UpLIFTing Young Students

Learning through Inquiry Fellowship and Tutoring (LIFT)

Katherine Hughes on December 5, 2018 in Education

Although Northern Virginia is overall a wealthy area of the United States, not everyone who lives in Northern Virginia is. This economic disparity is visible in many aspects, but one of the most obvious is access to educational opportunities. Learning through Inquiry, Fellowship, and Tutoring (LIFT) aims to change that.

LIFT is an organization and volunteering program at Thomas Jefferson High School for Science and Technology (TJHSST), one of the highest-ranked public schools in the United States. While other high schools in Northern Virginia are also ranked well, the difference in curriculum, academic rigor, and opportunities available while attending and after graduation between TJHSST and other high schools vary significantly. LIFT aims to give economically disadvantaged students a better chance of being accepted into TJHSST.

LIFT was created in the 2015-2016 school year at TJHSST with the help of a teacher, Frau Szilvia Oszko; an assistant principal, Mr. Shawn Frank; and the principal at the time, Dr. Evan Glazer. One of the first student leaders in LIFT was a senior at TJHSST who faced economic challenges and wanted to help other students in similar situations. Although the faculty and student leadership of LIFT has changed, Rithvik Gundlapalli, a senior member of the LIFT leadership team, says LIFT has and will continue to support mentees.

Although the mission of LIFT is the same, the way to go about this has changed as well. Gundlapalli says, “Previously, the mission of LIFT was to prepare underprivileged, but extremely talented, middle school students to take the TJ test so the playing field was more level and fair… recently, the leadership has made LIFT a ‘high school’ preparatory program. While we still do TJ prep, we have incorporated other training so the students in the program thrive in any high school they end up going to.”

In weekly Saturday morning tutoring sessions, seventh and eighth graders go to TJHSST for test preparation, STEM activities, and general academic support. Student mentors also attend these sessions and provide the students individualized test preparation help after test strategy classes taught by some teachers at TJHSST. The student mentors also organize and lead fun activities for the mentees, such as a scavenger hunt throughout the school to familiarize the mentees with TJHSST and classes it offers.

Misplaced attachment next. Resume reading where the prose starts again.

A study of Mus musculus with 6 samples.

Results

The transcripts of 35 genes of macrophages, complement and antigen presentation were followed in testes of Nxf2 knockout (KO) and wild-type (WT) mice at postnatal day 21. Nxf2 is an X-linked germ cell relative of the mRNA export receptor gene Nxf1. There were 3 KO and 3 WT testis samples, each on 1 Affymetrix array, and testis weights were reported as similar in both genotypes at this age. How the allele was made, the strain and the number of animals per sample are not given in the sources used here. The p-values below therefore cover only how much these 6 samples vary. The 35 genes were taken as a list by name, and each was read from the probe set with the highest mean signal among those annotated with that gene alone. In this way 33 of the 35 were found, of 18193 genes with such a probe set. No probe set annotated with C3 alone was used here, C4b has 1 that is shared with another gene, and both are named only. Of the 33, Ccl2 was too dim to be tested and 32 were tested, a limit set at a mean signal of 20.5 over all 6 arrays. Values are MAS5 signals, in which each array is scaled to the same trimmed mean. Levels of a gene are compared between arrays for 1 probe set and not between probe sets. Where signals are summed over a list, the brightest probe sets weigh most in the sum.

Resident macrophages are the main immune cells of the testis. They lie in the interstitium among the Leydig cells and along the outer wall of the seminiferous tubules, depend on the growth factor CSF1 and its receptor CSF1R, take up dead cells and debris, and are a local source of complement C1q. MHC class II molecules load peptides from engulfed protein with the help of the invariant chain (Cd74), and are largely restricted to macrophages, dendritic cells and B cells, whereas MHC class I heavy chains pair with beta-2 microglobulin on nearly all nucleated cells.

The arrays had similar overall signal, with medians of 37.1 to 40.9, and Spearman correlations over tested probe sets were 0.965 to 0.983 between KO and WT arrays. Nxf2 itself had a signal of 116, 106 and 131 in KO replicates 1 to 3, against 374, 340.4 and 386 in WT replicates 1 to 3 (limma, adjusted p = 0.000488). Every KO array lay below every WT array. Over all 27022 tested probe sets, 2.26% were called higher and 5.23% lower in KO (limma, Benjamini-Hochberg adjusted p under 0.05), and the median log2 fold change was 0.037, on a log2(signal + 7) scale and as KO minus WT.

Although the support LIFT students receive is intensive, LIFT is not a large program. Each year, only 30 eighth graders and 70 seventh graders are allowed to join the program, based on grades, standardized test scores, interest in STEM, and economic situation. Fewer than 10 students have been accepted to TJ since LIFT began. However, according to Gundlapalli, the students in LIFT who were not accepted to TJ are taking advanced classes and participating in STEM extracurriculars at the schools they are attending, which could be partially attributed to LIFT.

Another way the scope of LIFT is limited is by the mentors. “In terms of dependence on service, every single aspect of the program relies on the complete dedication of the high school mentors. Each mentor goes through an application program which is followed by training for all accepted mentors so that they can be as useful as possible,” Gundlapalli says. This leads to only 30 mentors who are matched with mentees, so LIFT is a small, localized program.

Unfortunately, LIFT does not accept donations or outside help, besides that of TJHSST student volunteers. However, Gundlapalli encourages others who are interested to support the broader cause. He says, "Preparing students for high school and encouraging an environment of challenges allows these students to grow, which is valuable for everyone."